In the present

artdc is proud to exhibit  In the Present: works by Jenny Walton and Alexandra Zealand.
Opening reception, December 11th , 2010 from 7-9pm.
Hyattsville, MD, December 11, 2010:  artdc Gallery will be opening an exciting new exhibition In the Present: works by Jenny Walton and Alexandra Zealand.  The opening reception will be held December 11th from 7-9pm at 5710 Baltimore Avenue in Hyattsville, MD 20781.

The exhibition will run through January 9th.  Gallery hours are by appointment.  For more information, please contact Jesse Cohen, Gallery Director at fineartventures@gmail.com.

In the Present integrates the work of Jenny Walton and Alexandra Zealand who both grapple with thoughts of human life and its evolving relationships to the world.   Though quite different in their materials, each artist’s work relates to the natural world in its present state, through abstracted anatomy caught in the act of degeneration or through repetitive looping reminiscent of cellular structures.

In her monotypes Walton explores the process of physical destruction and reconstruction of the body.  Through ideas dealing with the beautiful, horrific, and sublime nature of the body evolve a sense of the spiritual and physical manifestation of being human.  Walton uses expressive mark making in her prints to solidify thoughts of spirituality and human life in modern life.  In much of Walton’s work the rib cage acts as a structural and metaphorical stabilizer offering protection, structure, and containment. The often abstracted and wildly expressive landscapes outside of the ribcage elude to a vastly changing and evolving scientific world of study both threatens and empowers established belief systems.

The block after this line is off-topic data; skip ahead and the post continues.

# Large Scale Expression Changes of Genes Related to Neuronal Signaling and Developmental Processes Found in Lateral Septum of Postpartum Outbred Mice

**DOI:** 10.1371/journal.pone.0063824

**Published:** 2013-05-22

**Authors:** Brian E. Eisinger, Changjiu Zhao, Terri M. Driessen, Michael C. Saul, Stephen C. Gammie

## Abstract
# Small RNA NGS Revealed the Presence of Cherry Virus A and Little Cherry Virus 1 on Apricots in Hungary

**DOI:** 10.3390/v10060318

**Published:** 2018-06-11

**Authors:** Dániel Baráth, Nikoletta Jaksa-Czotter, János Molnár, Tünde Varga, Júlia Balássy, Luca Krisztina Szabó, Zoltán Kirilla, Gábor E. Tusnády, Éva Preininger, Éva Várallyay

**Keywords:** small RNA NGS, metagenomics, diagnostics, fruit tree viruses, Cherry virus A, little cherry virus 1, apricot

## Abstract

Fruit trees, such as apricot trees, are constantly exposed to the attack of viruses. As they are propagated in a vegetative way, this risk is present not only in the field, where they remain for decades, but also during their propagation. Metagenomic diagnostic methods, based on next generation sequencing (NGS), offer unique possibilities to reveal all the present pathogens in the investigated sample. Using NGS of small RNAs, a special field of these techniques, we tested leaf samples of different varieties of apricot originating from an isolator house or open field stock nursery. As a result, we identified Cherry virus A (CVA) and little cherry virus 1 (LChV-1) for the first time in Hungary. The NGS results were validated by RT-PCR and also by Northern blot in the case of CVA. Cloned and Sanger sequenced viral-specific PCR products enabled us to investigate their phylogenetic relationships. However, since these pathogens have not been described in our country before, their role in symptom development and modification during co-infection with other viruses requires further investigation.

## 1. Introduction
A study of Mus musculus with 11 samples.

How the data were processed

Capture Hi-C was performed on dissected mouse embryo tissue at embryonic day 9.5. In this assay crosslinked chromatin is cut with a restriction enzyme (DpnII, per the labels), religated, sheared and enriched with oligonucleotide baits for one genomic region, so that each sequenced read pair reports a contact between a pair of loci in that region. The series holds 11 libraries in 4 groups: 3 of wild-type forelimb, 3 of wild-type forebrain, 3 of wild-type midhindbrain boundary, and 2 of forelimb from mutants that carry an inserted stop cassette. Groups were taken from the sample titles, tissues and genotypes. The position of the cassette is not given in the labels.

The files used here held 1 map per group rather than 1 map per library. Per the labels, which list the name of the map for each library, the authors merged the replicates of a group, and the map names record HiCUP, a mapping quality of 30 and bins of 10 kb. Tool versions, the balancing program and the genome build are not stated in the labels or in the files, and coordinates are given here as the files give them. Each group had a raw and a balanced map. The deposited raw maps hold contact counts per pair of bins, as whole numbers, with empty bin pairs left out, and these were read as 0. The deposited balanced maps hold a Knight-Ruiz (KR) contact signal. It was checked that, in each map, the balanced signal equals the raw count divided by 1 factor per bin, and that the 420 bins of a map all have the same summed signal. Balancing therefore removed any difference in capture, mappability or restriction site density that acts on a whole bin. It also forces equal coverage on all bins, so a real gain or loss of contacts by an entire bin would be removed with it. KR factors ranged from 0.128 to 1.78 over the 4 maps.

Zealand’s sculptures evolve out of the moments of beauty in the detritus of life and are inspired by the transformative process of massing, and turn everyday objects into dynamic, poignant installations. Here she presents an installation utilizing 16mm film strips, which have been discarded from schools and libraries.  Film of this size has become a practically obsolete medium, and the stories contained within them are inherently ephemeral.  These pieces become a signifier of the passage of time – both in the artist’s life, and in their own usefulness – and explore humanity’s relationship with the objects we discard, and what our need to discard them says about both our personal and cultural relationship with mortality.